Pakistani Prime Minister Imran Khan on Wednesday branded India an "oppressor and aggressor" a year after New Delhi imposed direct rule on Indian-administered Kashmir.
Protests were planned across Pakistan to mark the anniversary of New Delhi stripping Muslim-majority Indian Kashmir of its semi-autonomous status, a move that outraged Islamabad.
Kashmir, a disputed Himalayan territory, has been split since 1947 between India and Pakistan, both of which claim it in full and have fought wars over it.
"India stands exposed before the world, yet again, as an oppressor and aggressor," Khan said in a statement.
"Its so-called secular and democratic credentials stand fully discredited," he added, calling India's action last year a "crime against humanity."
Prime Minister Narendra Modi's Hindu nationalist government had promised the move would bring peace and prosperity to Indian Kashmir after three decades of violence sparked by an anti-India uprising.
Pakistan, however, has alleged it is a violation of the rights of the Kashmiri people.
Khan accused India of trying to turn Kashmir's Muslim majority into a minority by ending restrictions on outsiders buying up property "in blatant violation of ... U.N. Security Council Resolutions and international laws."
The change in rules has sparked fears that the Modi government is pursuing an Israel-style "settler" project.
Police were enforcing tight restrictions in Indian-administered Kashmir on Wednesday, where religious and political groups had called on residents to observe a "black day."
In the Pakistani capital Islamabad, a one-minute silence was held, along with a rally led by President Arif Alvi.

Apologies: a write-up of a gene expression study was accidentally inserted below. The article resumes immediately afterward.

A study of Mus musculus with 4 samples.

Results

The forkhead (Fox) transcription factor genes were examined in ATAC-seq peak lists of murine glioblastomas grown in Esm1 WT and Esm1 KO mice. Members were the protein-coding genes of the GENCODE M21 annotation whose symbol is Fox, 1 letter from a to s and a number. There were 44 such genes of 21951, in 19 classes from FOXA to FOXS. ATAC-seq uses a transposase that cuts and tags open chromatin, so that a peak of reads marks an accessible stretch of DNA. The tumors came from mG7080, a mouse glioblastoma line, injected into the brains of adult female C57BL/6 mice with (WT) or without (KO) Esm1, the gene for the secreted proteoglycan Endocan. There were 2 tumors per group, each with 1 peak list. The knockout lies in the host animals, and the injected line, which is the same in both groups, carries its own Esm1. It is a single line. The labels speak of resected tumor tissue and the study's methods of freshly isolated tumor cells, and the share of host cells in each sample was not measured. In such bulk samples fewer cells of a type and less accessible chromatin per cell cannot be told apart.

"India has learned from Israel how to change the demography (of Kashmir)," Alvi told the rally.
Hundreds of billboards and banners displayed graphic images purportedly of human rights violations by Indian authorities in Kashmir.
Khan led a rally through Muzaffarabad, the capital of Pakistan-administered Azad Jammu and Kashmir, where a few thousand people had gathered. He was due to address the region's legislative assembly.
Dozens of rallies are expected in other major Pakistani cities too.
On Tuesday, Pakistan released a new official map showing all of Kashmir as its territory.
Tensions spiraled between the nuclear-armed neighbors after India revoked Kashmir's autonomy and imposed movement and communications restrictions to quell unrest.
Pakistan repeatedly likened Indian Prime Minister Modi to Adolf Hitler and called for international intervention.
On Aug. 5 last year, the Indian government scrapped the special status of the country’s only Muslim-majority state. Jammu and Kashmir were also split into two federally administered territories.
Simultaneously, New Delhi locked the region down, detaining thousands of people that included dozens of top politicians, imposing restrictions on movement and enforcing a communications blackout.
Kashmir is held by India and Pakistan in parts but claimed by both in full. A small sliver of the region is also controlled by China.
Since they were partitioned in 1947, New Delhi and Islamabad have fought three wars, in 1948, 1965 and 1971, two of them over the disputed territory.
Some groups in Indian-administered Kashmir have been fighting against Indian rule for independence or unification with neighboring Pakistan.